Criminal records are unfortunately a permanent punishment for most. Even non-conviction records can sometimes result in discriminatory practices when it comes to the job search and housing. Such post-prison obstacles impose barriers to adjustment and reintegration of people who have already paid their debt to society.
Our nonprofit partner, Philadelphia Lawyers for Social Equity (PLSE), is diligently working to resolve this issue through their Criminal Record Expungement Project. The project was initiated to represent low-income individuals through the expungement process to erase their legal record of an arrest or a criminal conviction in the eyes of the law. So far, PLSE has filed approximately 7,000 expungement petitions with a success rate of 95%.
PLSE has also partnered with our nonprofit partner Public Interest Law Center to create Fair Employment Opportunities Project (FEOP), which aims to ensure that Pennsylvania employers comply with the provisions of Pennsylvania’s Criminal History Record Information Act (CHRIA). CHRIA restricts the ability of many employers to refuse to hire individuals who have a criminal conviction record unless it affects the applicant’s suitability for the specific position in question. FEOP was established to litigate cases on behalf of job applicants whose rights under CHRIA may have been violated.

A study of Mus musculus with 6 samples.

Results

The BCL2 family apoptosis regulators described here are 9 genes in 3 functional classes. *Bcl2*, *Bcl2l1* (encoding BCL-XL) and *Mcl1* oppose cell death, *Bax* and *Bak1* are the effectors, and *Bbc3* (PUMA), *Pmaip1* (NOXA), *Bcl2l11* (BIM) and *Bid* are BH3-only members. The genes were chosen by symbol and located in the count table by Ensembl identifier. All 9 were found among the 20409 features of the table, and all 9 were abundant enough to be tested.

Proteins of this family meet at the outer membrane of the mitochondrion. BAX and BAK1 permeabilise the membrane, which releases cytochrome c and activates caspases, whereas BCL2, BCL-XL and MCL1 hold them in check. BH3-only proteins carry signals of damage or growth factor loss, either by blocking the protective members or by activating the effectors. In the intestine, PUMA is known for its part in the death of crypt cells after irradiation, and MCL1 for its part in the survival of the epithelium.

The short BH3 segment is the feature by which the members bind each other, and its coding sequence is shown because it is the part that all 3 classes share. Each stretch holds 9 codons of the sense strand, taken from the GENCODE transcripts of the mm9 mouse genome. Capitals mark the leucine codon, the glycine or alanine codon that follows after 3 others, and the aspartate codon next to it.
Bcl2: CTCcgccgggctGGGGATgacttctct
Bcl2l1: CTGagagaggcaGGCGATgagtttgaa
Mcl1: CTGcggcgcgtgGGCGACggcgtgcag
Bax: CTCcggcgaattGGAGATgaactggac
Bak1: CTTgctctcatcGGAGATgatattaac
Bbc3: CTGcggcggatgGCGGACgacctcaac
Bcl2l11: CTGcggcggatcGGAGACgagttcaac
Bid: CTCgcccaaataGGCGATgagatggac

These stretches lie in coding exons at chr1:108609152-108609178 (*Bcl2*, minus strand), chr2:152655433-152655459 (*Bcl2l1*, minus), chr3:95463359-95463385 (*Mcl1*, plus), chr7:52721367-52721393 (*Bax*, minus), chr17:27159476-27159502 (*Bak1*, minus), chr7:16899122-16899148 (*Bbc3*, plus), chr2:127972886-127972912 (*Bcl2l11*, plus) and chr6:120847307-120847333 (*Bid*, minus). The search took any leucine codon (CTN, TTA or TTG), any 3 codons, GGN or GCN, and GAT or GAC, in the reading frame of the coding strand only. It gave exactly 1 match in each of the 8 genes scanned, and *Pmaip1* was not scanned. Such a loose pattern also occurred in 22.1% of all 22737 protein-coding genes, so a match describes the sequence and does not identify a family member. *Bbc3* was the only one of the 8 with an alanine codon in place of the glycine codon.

Managing Attorney for PLSE, Zane Johnson, emphasizes the consequences of these unfair policies: “In Philadelphia alone, we subject roughly 400,000 of our neighbors to various forms of social ostracism based on criminal records to our own detriment and with no public safety benefit.” As a solution, PLSE is offering legal service and educational clinics to low-income individuals that are affected by these policies.
In addition to these projects, PLSE also helps low-income people with criminal records apply for a pardon, which strikes their conviction from the books, effectively making the person innocent. The only authority in Pennsylvania who can grant a pardon is the Governor. Indeed, this is a complicated task due to daunting nature of the application process. Hoping to achieve the same success with the pardon process, PLSE is planning to set up “pardon hubs” to facilitate the assistance procedure.
Although the clean slate bill signed by Gov. Wolf in June 2018 is a progressive legislation that seals nonviolent criminal records after a decade, Mr. Johnson is calling for more policy changes. PLSE hopes that criminal justice reform will allow those with criminal records to achieve their full potential and contribute to society by letting them benefit from opportunities such as federal student aid and government benefits.
Learn more about PLSE's current projects and efforts on Generocity.